Sweet Iraq panel from the NYT. It’s got Richard Perle and Danielle Pletka and Frederick Kagan and Paul Bremer. That’s four out of the nine slots! Plus you’ve got Ken Pollack, and what Spencer Ackerman describes as “non-liberal members of the reality-based community like Paul Eaton and Anthony Cordesman and Nate Fick.” Representing American liberalism in even the liberal New York Times is Anne-Marie Slaughter all by her lonesome — can’t let too many hippies congregate on one op-ed page.
Griff Witte and Ellen Knickmeyer report that “The shortage in U.S.-funded supplies threatens the Palestinian government’s ability to provide security in the West Bank, which Israel has made a condition of future withdrawals from the occupied territories.” And why is there a shortage in U.S.-funded supplies? Well, in addition to making competent Palestinian security forces a condition for withdrawal from the West Bank, “Israel has traditionally viewed Palestinian security forces as potential adversaries” and therefore “Israel failed to approve delivery of the requested supplies in time for the deployment, according to senior Palestinian officials.”
Obviously, obviously, complex situation, much blame to go around, etc., but this kind of thing — things which most Americans are very ill-informed about — is why Arabs tend to doubt Israel’s protestations that they’re eager for a fair and peaceful resolution of the conflict.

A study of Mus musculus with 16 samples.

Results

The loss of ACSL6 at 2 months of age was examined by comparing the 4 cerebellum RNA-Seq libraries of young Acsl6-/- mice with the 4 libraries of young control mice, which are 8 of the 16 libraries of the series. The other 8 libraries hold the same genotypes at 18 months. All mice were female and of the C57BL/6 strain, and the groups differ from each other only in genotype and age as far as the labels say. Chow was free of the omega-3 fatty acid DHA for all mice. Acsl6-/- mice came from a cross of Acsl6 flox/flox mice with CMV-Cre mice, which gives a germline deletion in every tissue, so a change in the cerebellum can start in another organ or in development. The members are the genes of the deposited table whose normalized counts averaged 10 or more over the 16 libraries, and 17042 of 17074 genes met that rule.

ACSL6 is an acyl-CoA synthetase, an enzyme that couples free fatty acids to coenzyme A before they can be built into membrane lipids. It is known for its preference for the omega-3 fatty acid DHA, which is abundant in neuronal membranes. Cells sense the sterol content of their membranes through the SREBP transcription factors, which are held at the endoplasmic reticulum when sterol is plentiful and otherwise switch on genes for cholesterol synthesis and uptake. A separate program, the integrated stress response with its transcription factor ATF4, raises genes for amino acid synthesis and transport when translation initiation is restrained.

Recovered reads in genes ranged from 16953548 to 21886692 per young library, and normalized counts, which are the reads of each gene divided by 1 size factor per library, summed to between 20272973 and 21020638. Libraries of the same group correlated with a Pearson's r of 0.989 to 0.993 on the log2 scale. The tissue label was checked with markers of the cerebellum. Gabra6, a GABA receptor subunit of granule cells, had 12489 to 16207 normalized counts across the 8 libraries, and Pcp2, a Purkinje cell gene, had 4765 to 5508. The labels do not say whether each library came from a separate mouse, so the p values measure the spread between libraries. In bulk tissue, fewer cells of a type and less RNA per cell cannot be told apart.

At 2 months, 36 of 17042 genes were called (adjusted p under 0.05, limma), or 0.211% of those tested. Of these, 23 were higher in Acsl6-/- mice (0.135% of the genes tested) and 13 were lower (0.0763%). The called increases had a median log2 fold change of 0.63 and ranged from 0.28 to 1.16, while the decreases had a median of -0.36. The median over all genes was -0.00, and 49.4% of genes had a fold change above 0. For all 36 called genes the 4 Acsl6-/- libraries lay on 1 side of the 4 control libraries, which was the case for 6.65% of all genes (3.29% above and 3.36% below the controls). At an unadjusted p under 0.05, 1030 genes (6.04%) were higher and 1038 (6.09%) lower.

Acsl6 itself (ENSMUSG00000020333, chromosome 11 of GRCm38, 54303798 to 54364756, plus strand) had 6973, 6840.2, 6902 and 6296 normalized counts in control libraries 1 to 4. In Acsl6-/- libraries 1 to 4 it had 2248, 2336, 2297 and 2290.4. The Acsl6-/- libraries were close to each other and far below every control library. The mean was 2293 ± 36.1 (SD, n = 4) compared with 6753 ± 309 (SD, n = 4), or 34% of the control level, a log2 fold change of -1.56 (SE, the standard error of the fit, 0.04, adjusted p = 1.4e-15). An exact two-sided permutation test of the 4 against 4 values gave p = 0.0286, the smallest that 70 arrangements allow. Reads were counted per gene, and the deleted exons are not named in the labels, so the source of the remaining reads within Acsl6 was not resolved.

Kevin Drum, talking about Ricardo Sanchez, mentions the idea that “the Wolfowitz/Feith/Rumsfeld plan to immediately draw down to 30,000 troops and essentially abandon Iraq is pretty well known, though never officially acknowledged by the Bush administration to the best of my knowledge.”
Clearly — both in retrospect, at the time, and in advance to anyone with any sense — this was a pretty stupid plan and couldn’t possibly have worked. But given that the alternative hasn’t worked either, wouldn’t it possibly have been better if Bush had just listened to Rumsfeld? I’ve suspected for a while that a lot of pro-war Democrats basically expected that outcome — “the war” would be a “success,” and then there would be the giant postwar mess that average Americans didn’t care much about because it didn’t involve U.S. troops, and then guys like Ken Pollack would point out that they’d written articles saying that successful reconstruction “will likely require a presence of as many as 200,000 troops” for “one or two years” and claiming Bush ineptly screwed things up.